Despite increasing competition from generic versions, Wall Street analysts expect that Teva’s (TEVA) Copaxone will earn about $3.8 billion in 2016, which is a year-over-year (or YoY) revenue decline of only 5.8%. Teva has also projected that generic competition will result in earnings erosion of around 35% for Copaxone. This estimate is significantly lower than what is generally projected for the majority of drugs facing generic competition, which is around 80%.


Facing generic competition

Copaxone’s strong performance is expected to continue throughout 2016 despite competition from drugs such as Biogen’s (BIIB) Tecfidera and Novartis (NVS) subsidiary Sandoz’s and Momenta Pharmaceuticals’ Glatopa.

Sandoz launched the first generic version of Copaxone, Glatopa, in the US market on June 18, 2015. However, the company is focused on increasing its product profitability rather than increasing market share by offering deep price discounts.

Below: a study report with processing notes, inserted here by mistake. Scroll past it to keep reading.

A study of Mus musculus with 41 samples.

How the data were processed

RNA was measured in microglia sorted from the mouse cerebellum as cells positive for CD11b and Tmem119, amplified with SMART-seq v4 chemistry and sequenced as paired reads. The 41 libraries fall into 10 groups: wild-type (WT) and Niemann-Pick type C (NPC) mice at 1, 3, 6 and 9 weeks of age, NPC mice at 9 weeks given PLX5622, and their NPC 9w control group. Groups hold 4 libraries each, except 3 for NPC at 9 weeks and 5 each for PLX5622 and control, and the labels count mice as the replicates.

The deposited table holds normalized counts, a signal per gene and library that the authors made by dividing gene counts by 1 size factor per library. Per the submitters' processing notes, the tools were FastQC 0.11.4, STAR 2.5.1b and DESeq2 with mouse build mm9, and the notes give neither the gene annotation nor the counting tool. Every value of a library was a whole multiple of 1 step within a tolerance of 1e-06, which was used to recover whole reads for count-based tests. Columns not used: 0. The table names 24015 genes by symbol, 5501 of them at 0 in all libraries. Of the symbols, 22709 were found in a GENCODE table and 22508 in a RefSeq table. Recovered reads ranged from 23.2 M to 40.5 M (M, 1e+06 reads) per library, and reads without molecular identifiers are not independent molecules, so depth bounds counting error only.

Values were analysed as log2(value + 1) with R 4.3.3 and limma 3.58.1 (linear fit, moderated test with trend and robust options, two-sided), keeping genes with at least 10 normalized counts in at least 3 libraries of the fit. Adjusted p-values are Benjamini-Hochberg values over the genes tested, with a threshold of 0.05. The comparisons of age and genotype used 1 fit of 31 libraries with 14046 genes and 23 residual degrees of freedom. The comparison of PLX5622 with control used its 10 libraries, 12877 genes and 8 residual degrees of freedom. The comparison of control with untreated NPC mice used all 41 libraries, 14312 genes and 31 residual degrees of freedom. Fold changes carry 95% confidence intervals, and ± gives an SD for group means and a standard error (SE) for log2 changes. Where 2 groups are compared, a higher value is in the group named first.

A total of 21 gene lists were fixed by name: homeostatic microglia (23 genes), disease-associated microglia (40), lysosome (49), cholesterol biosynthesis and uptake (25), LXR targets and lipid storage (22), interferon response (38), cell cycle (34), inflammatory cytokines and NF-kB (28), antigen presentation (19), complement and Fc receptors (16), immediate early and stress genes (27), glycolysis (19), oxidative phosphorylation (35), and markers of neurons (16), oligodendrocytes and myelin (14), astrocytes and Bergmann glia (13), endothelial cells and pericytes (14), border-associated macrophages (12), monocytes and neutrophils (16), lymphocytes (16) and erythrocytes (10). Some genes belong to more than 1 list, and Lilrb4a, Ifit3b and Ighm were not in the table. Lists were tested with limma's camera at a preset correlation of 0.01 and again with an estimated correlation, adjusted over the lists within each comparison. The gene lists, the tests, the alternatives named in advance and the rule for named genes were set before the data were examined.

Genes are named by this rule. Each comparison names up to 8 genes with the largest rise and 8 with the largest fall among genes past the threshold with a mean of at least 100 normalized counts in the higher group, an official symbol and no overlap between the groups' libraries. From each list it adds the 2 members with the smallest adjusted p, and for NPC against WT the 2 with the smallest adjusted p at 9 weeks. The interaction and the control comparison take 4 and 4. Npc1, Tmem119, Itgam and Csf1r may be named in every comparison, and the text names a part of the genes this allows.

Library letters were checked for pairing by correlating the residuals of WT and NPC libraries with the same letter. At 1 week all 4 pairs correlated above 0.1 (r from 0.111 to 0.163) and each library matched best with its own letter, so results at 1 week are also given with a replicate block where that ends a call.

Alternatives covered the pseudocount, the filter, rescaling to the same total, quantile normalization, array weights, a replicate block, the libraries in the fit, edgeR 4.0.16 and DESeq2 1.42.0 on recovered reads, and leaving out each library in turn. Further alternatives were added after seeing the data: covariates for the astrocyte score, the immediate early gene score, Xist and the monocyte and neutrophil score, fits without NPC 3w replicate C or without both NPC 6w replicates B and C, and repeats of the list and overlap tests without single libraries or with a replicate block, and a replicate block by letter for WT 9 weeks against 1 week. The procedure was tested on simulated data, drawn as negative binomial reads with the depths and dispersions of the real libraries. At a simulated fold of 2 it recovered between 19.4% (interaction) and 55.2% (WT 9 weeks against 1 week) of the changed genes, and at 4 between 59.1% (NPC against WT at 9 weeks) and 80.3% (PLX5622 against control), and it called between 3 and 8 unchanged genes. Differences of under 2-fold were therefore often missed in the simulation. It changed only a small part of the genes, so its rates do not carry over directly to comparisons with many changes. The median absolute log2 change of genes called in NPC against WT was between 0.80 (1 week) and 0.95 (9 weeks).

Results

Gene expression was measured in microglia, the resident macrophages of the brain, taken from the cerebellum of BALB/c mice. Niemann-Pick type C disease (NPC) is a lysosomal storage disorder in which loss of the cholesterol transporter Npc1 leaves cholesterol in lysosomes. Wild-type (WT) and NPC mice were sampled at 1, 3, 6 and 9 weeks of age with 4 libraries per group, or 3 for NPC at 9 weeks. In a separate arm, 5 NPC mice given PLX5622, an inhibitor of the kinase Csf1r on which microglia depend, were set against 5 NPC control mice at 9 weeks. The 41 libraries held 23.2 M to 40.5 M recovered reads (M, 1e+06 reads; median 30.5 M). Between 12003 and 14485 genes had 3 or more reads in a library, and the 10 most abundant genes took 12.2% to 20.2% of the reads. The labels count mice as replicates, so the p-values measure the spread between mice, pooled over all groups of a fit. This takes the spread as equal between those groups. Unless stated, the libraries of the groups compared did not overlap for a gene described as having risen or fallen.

Additionally, there is a limited amount of clinical data available for generic versions, which has resulted in physicians becoming reluctant to switch their MS patients from Copaxone therapy to other drugs.

Teva also boasts of a strong patient services center, which has been a major differentiating factor for Copaxone. Further, 80% of the total patients using Copaxone have switched to the 40mg/ml version of the drug. The version is more effective and requires the patients to receive about 200 fewer injections per year as compared to Copaxone 20mg/ml.

Though Mylan (MYL) has challenged Copaxone’s patent exclusivity, Teva expects minimal impact on the 40mg/ml Copaxone sales. These factors have enabled Teva to safeguard its Copaxone market share. To know more about the impact of generic competition on the Copaxone franchise, please refer to How Could Generic Competition Affect Copaxone’s Revenues in 2016?

If Teva’s Copaxone franchise continues to withstand generic competition, it may boost the company’s share prices as well as those of PPH. Teva makes up about 4.2% of PPH’s total portfolio holdings.

In the next article, we’ll analyze the performance of Teva’s generic business compared to other generic players.